The permissions of the file after upload are 644. I also tried changing it to 777 and no dice.

The only way I've been able to get around this was to upload via the cpanel file uploader and then it's accessible and I can do the rest of the editing via FTP. But that's a pain and annoying to expect other users on our server to do.

Is there some settings I'm missing?


Please clarify your specific problem or add additional details to highlight exactly what you need. As it's currently written, it’s hard to tell exactly what you're asking. See the How to Ask page for help clarifying this question.If this question can be reworded to fit the rules in the help center, please edit the question.

If you have access to SSH, run the following command which lists all the files in the current directory and lists the attributes:

ls -als

This will return something as follow:

4 -rw-r--r-- 1 root root 176 Jan 6 2007 .bashrc

4 -rw-r--r-- 1 root root 100 Jan 6 2007 .cshrc

make sure the root root is the same as your user and group, respecitively. Otherwise, you wont be able to modify the permissions on that file, which is where your problems are coming into play (I suspect)

To fix this, you would then need to login on as the super user (su) and run this command

chown your_user.your_group your_folder_name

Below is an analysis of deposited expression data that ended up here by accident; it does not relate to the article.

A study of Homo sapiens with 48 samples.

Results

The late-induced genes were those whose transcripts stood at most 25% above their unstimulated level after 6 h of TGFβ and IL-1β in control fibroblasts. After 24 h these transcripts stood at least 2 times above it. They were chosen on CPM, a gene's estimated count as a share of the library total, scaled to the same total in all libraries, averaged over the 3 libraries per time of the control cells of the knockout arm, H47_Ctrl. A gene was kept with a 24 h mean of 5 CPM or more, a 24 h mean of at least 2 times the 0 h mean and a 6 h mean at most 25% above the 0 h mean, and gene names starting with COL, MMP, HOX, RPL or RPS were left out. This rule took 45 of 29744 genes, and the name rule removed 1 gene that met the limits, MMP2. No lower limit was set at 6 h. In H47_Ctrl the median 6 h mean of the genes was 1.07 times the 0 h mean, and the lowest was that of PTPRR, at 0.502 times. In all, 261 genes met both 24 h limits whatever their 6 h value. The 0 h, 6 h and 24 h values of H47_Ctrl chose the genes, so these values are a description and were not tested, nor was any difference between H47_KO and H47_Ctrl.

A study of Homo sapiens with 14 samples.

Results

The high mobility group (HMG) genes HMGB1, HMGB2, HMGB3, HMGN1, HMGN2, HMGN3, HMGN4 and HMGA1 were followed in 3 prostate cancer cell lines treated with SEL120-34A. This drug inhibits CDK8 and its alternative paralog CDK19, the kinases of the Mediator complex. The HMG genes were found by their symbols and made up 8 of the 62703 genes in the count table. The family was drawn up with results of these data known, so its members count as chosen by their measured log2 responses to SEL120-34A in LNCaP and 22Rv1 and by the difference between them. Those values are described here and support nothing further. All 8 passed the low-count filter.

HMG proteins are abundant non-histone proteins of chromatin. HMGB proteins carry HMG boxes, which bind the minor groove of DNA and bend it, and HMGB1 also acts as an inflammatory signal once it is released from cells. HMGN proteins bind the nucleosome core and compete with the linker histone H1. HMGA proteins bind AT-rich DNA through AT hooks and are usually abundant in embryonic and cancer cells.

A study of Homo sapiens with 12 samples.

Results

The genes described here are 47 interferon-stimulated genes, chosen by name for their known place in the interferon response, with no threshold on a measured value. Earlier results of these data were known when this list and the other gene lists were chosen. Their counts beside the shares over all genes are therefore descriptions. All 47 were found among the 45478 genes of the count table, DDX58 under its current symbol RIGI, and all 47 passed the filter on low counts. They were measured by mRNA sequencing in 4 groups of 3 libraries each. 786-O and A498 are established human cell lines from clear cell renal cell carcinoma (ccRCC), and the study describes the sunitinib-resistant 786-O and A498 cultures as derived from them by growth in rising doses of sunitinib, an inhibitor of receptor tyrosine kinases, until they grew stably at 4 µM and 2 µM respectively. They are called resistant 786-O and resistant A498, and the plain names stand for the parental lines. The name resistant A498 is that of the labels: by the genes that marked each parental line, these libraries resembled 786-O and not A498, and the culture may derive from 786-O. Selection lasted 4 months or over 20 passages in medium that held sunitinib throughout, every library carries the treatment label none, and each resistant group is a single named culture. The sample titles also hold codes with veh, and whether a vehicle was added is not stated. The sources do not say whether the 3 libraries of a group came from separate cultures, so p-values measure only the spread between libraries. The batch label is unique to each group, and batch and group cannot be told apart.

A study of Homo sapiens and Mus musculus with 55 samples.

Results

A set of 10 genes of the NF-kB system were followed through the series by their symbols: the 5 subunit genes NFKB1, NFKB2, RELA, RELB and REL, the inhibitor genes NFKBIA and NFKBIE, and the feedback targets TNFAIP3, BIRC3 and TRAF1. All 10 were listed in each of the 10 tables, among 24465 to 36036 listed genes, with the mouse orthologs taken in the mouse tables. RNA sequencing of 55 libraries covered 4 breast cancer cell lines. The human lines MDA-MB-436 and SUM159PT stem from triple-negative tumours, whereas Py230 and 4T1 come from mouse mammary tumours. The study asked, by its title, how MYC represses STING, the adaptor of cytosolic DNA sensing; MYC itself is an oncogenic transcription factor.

Take from here: http://en.wikipedia.org/wiki/Chown

    
The only thing different I can see is an extra Write permissions, which shouldn't make a difference.... You might try changing the permissions a folder up? – Jefe Aug 30 '09 at 7:26

How about the permissions of the directory they're in?

EDIT:

I found this webpage. It says the explanation is often a malformed PHP CGI file.

Did you say something about editing the PHP file in cpanel? What kind of editing is necessary? Were you fixing the malformed PHP file? (damn, I can't see your post while I'm editing my answer).

[quick look later]

What was 'the rest of the editing' you referred to?


Your best bet is to have a look at the Apache logs; they'll tell what the error is about. They can usually be found from /var/log/apache2/ (in case of Apace 2).

    
The exact location of the logs of course depends on the system in question. Etc/http/logs/error_logs sounds good, though. Have a look at the timestamps in the logs, and the modification times of the logfiles themselves, to convince yourself whether they're the right or not. – mad-j Aug 28 '09 at 6:53

Compare the file uploaded through cpanel to the one via ftp. Find out how they are different. I suspect it may be the owner or the group that differs.

Edit: Okay, try setting the permissions to match the working one (664 vs 644). Some web servers insist on particular settings and may try to "protect" you from setting too many permissions.

If that doesn't work, maybe cpanel modifies some other permissions list. Maybe in .htaccess, but I'm grasping at straws. Something has to be different, though.

up vote -1 down vote accepted

The problem was narrowed down not to permissions but the encoding of the file and how it was uploaded. Not exactly sure of how to correct it but switching FTP programs from Fetch to Cyberduck has been our temp fix.